Best Hybrid Cars 2018 Has to Offer 34543

10 of the Best Hybrid Cars 2018 Has to Offer

Ever since the Toyota Prius debuted 20 years ago (can you believe it’s already been that long??), hybrids have been on a steady rise. The thought that they didn’t manage to fulfill their potential somehow still looms in the air, however. Even two decades after the Prius revolutionized the market, hybrid cars are still on margins. They have come a long way and they’ve even been bolstered by plug-ins and all-electric vehicles, but the vast majority of cars currently available on the market are still conventional gasoline-powered. This doesn’t mean the hybrid car market isn’t diverse enough, though. There are plenty of choices in most segments and we’ll focus on the best hybrid cars 2018 has to offer, here.

Unlike the case with the best hybrid SUVs of 2018, we’ll exclude all-electric vehicles entirely. Only fully-fledged hybrid cars will be considered, no matter how small or large they are. Furthermore, we won’t separate luxury from affordable cars, and all available segments will be included as well. Even differences between conventional and plug-in hybrids will be disregarded. In order to keep things fair, however, five of these ten hybrid cars will be luxury models, while other five will come from non-luxury badges. Of course, we’ll remove extremely expensive exotics and electric hypercars from the equation.

Volvo S90 T8 eAWD Plug-in Hybrid

As the Swedish automaker’s flagship sedan, the 2018 Volvo S90 offers a gracious and serene design both inside and out while, at the same time, bringing superlative safety to the table. The S90’s most expensive T8 eAWD Plug-in Hybrid models add even more. Apart from the obvious bump in fuel economy ratings, the S90 hybrid packs more of a punch. The conventional models’ 2.0L 4-cylinder gets both a turbocharger and a supercharger for a total of 316 horsepower. That’s not all, of course, as an 87-hp electric motor further raises the total to 400 horsepower and 472 lb-ft of torque. The EPA rates the Volvo S90 hybrid at 29 mpg combined (26 mpg in the city and 33 mpg on the highway).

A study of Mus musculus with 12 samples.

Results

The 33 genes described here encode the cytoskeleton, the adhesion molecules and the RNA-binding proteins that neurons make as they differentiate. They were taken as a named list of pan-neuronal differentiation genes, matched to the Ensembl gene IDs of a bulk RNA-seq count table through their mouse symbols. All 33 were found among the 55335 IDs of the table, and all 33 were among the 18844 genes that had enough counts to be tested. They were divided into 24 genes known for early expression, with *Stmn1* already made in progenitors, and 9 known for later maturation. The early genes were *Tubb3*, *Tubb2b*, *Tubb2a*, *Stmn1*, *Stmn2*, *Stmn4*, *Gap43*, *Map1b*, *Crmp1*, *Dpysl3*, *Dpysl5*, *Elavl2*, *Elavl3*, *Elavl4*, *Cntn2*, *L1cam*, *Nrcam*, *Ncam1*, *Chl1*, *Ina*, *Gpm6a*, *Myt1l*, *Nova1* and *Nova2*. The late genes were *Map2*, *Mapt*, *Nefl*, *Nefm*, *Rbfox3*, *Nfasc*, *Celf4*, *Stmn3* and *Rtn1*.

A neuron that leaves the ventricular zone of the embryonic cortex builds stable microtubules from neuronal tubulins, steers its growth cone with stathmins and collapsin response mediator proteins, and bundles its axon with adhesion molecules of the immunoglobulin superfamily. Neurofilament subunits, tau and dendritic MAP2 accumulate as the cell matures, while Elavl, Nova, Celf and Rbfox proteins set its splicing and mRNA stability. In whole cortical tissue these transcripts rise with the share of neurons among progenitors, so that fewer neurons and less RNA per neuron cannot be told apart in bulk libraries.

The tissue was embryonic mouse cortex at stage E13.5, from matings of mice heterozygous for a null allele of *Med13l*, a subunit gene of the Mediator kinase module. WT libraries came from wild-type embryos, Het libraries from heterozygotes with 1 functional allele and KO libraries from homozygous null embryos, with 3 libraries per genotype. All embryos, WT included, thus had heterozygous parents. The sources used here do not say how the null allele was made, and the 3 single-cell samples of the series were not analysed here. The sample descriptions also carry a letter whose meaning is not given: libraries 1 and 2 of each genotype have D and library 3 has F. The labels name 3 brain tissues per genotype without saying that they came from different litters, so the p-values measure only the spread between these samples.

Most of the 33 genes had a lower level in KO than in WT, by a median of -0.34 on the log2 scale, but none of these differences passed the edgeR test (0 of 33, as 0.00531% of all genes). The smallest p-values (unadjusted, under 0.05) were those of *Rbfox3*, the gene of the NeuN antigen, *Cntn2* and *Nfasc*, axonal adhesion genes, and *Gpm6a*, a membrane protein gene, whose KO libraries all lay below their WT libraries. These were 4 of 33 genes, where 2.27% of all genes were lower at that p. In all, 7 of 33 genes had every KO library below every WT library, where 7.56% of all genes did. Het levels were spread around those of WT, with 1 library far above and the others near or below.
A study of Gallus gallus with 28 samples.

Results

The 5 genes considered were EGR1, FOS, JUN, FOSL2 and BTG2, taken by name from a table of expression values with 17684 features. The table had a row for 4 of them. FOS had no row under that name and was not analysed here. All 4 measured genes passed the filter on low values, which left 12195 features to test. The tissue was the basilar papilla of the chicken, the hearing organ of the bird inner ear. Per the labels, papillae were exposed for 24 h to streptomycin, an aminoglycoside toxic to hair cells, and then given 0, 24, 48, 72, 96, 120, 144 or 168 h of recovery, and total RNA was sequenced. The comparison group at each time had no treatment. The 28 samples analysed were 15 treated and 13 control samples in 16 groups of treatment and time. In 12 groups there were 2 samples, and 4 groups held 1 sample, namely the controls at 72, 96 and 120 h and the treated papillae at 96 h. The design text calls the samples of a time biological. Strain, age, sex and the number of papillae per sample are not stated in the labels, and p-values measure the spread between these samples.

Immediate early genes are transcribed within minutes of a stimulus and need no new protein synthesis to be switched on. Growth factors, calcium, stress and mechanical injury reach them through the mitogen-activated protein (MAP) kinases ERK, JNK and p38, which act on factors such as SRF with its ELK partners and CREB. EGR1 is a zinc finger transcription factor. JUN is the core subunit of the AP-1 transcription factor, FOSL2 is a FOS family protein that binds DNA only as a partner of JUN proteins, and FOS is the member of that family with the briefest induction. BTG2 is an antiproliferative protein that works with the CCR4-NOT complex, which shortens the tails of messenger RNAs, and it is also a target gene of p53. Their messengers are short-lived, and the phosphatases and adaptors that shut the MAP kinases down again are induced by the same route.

As is the case with most Volvos, the S90 isn’t all that fun to drive. It emphasizes comfort and safety, first and foremost. That’s likely its only real downside. That and the fact it costs between $63,500 and $68,000 in its stock form. Then again, most of its direct competitors exhibit even higher stickers. As expected, the S90 hybrid gets standard low and high-speed automatic emergency braking, active lane control, and blind-spot monitors. All of the aforementioned active safety features are bundled up together in what Volvo markets as a semi-autonomous driving mode. Don’t let the S90’s calm and soothing demeanor fool you, though. You’re still required to impact the drive as you would be in any other car.